Minnesota Gov. Tim Walz signed an executive order late Thursday to activate the Minnesota National Guard following the protests sparked by the death of George Floyd on Wednesday. President Donald Trump celebrated the National Guard's activation on Twitter after revealing he assured Walz the "military is with him all the way." Trump also appeared to hint at more violence, tweeting, "When the looting starts, the shooting starts."
Floyd died Monday while in police custody. Video shows police officer Derek Chauvin with his knee on Floyd's neck for four minutes until Floyd died. Chauvin and three other officers were fired, and Chauvin has since been charged with third-degree murder and manslaughter. Following Floyd's death, peaceful protests broke out in Minneapolis and St. Paul, and some turned violent. As a result, the Twin Cities mayors asked Wilz to activate the Minnesota National Guard. Wilz also declared a Peacetime Emergency to "provide safety and protection" to residents. Minneapolis Mayor Jacob Frey also declared a state of emergency for the city, reports KTSP.
The National Guard has arrived on the scene. They are in Minneapolis and fully prepared. George Floyd will not have died in vain. Respect his memory!!!— Donald J. Trump (@realDonaldTrump) May 29, 2020
The Minnesota National Guard tweeted that more than 500 soldiers were activated following the executive order. "Our mission is to protect life, preserve property and the right to peacefully demonstrate," the Guard tweeted. "A key objective is to ensure fire departments are able to respond to calls." This is the fist time the National Guard was activated for a civil disturbance since the 2008 Republican National Convention.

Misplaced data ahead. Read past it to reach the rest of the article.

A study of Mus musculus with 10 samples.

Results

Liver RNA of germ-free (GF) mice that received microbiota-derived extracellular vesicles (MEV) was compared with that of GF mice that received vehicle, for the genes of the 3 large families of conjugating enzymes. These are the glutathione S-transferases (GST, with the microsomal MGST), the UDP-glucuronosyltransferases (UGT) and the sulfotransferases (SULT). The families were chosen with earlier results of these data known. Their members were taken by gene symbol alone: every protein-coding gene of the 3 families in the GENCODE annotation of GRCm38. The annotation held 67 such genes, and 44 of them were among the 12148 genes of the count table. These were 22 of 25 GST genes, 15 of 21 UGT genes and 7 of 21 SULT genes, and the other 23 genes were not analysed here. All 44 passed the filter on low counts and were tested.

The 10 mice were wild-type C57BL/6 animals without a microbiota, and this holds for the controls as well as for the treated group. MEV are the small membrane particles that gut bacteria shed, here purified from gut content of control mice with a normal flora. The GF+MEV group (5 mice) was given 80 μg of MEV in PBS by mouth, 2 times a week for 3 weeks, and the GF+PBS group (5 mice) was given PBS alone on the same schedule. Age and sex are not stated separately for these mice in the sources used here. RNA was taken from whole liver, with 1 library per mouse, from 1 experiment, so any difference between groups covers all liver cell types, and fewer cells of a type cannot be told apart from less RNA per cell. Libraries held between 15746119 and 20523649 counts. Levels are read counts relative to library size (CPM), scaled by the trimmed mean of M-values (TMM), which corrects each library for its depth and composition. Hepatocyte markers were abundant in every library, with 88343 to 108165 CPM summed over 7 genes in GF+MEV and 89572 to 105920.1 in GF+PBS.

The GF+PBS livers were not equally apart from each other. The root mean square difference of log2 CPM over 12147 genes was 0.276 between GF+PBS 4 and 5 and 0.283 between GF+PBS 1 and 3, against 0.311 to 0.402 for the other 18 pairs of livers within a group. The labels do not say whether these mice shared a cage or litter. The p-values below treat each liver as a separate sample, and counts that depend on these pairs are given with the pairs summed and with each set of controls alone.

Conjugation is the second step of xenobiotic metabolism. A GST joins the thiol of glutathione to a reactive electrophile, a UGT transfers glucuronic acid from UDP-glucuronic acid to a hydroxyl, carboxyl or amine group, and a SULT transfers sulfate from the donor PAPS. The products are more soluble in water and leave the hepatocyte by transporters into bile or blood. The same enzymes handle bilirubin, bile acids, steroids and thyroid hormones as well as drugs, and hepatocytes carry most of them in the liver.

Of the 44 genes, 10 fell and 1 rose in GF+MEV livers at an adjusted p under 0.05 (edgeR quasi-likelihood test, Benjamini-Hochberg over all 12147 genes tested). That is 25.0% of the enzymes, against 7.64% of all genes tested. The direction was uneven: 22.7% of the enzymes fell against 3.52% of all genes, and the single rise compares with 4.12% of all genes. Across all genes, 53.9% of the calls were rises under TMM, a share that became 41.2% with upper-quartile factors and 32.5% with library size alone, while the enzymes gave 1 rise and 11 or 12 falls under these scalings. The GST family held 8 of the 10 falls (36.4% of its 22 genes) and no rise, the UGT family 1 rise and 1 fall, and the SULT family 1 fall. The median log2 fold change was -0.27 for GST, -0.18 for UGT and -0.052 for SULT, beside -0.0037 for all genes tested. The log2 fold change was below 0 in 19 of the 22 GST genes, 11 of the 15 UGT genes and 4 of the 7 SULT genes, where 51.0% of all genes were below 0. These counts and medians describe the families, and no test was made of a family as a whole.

Army Maj. Scott Hawks, a spokesman for the Minnesota National Guard, told Vox it was not clear how long the deployment will last. All members of the National Guard live in the state and many have day jobs. Hawks said the activated members are "assisting and escorting fire fighters to sites and providing them security as those fire fighters do their work" and "forming lines between protesters and sites that are at risk of being harmed." All 500 members will not be working at the same time. If more are needed, the state can activate another 12,5000 Guard members. The length of the deployment is up to Wilz, who could deactivate them when he feels local police officials have the situation under control.
Trump voiced his support for Wilz's decision to activate the National Guard in a series of tweets late Thursday night. He threatened to send in the National Guard himself to "get the job done right." His second tweet was flagged by Twitter for violating its rules about "glorifying violence," since he included the phrase "When the looting starts, the shooting starts."